CEO, the Coach

The CEO is the face of a company. She is the one connecting the things her team is doing on the field or court with the people in the stands. The CEO could also be called the quarterback, the star forward or the standout pitcher. He is the one shouldering the responsibility of the company and ensuring everything is being accomplished in a manner that reflects his and the founders’ mission. He calls the plays, inspires the players, and has a significant role in winning the game.

As legendary management guru Peter Drucker told The Havard Business Review in 2004, “The CEO is the link between the Inside that is ‘the organization,’ and the Outside of society, economy, technology, markets, and customers. Inside there are only costs. Results are only on the outside.” But as any other C-suite executive and any casual sports fan knows, the CEO and the coach, or star player can’t do it all by himself. He is an essential piece to the game, but not the only piece. That’s why his relationships with the other team members are crucial for achieving any goal. The better the team understands one another’s responsibilities, management styles and aspirations, the more likely the company will reach top status.

CIO, the Rookie

This is one of the newest positions in the C-suite, so the CIO or CTO is still considered a rookie despite two decades of needing information technology managers. This is the person who makes it his job to protect sensitive information, invest in the right technology, and lead the company toward a bright future. Many experts and companies are also making this position the most heavily valued. While the management of information technology is important, companies shouldn’t forget the players like the CFOs, CMOs, and other players keeping the company running.

The vast majority of CIOs (84%) agree their role is becoming more important, but under 35% of them actually collaborate with other C-suite executives. The rookie of the team should bring a certain optimism to the team, but he also needs to learn about traditions from the regulars. Learning from one another and working together more closely will benefit a company greatly by integrating technology ideals into every possible area. Companies should modernize with tech solutions under the guidance of the CIO who is advised on what the company could really use. This will raise the value of the company to employees, stakeholders and customers.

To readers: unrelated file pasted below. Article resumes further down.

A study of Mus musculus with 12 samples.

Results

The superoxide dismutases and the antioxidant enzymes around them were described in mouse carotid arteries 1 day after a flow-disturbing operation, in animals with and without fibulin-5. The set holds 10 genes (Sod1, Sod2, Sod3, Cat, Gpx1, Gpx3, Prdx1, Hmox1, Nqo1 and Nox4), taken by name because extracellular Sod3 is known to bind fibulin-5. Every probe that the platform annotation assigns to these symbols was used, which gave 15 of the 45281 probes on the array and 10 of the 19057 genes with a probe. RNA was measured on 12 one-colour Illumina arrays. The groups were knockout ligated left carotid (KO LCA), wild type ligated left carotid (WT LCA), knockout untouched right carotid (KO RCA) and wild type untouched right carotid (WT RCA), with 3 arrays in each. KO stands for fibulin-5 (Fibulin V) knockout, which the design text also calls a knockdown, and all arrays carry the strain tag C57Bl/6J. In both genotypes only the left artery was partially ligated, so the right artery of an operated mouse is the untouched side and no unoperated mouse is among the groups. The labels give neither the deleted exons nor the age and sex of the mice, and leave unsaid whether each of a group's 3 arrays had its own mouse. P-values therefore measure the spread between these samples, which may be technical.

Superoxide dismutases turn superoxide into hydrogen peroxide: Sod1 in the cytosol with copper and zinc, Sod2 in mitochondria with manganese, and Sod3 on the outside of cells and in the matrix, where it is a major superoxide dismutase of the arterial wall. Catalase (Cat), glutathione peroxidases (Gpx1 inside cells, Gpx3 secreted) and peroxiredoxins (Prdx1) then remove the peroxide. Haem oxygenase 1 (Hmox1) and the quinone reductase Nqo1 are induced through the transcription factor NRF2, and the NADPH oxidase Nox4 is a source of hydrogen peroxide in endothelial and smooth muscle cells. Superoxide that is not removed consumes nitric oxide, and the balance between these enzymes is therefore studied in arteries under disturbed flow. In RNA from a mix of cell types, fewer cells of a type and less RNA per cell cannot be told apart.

CFO, the Utility Player

The CFO is often the most versatile player of the team. Every sport has one and every company should have one. These are your volleyball liberos, your football wide receivers who can also stand in as quarterback and baseball shortstops who cover second and third base when needed. These are the players keeping their eyes out for every move, potential play and curve ball. They react quickly and knowledgably when the game calls for it

The CFO is the person in the C-suite who is dealing with finances, executive office issues, customer concerns, protection of financial information, and keeping their teams inspired. That’s enough responsibility to make anyone’s head spin, but the shortstop knows when to look left and when to look right, just like a successful CFO. The CFO can cultivate strong relationships between all the other players, having seen their side of the game. She can also please the fans, or in this case the customers, because of her insight about the company as a whole and where it’s headed.

The CFO is the glue to a team that brings all the talents to one place, encourages discerning collaboration, and teaches the others why teamwork is really what wins the game.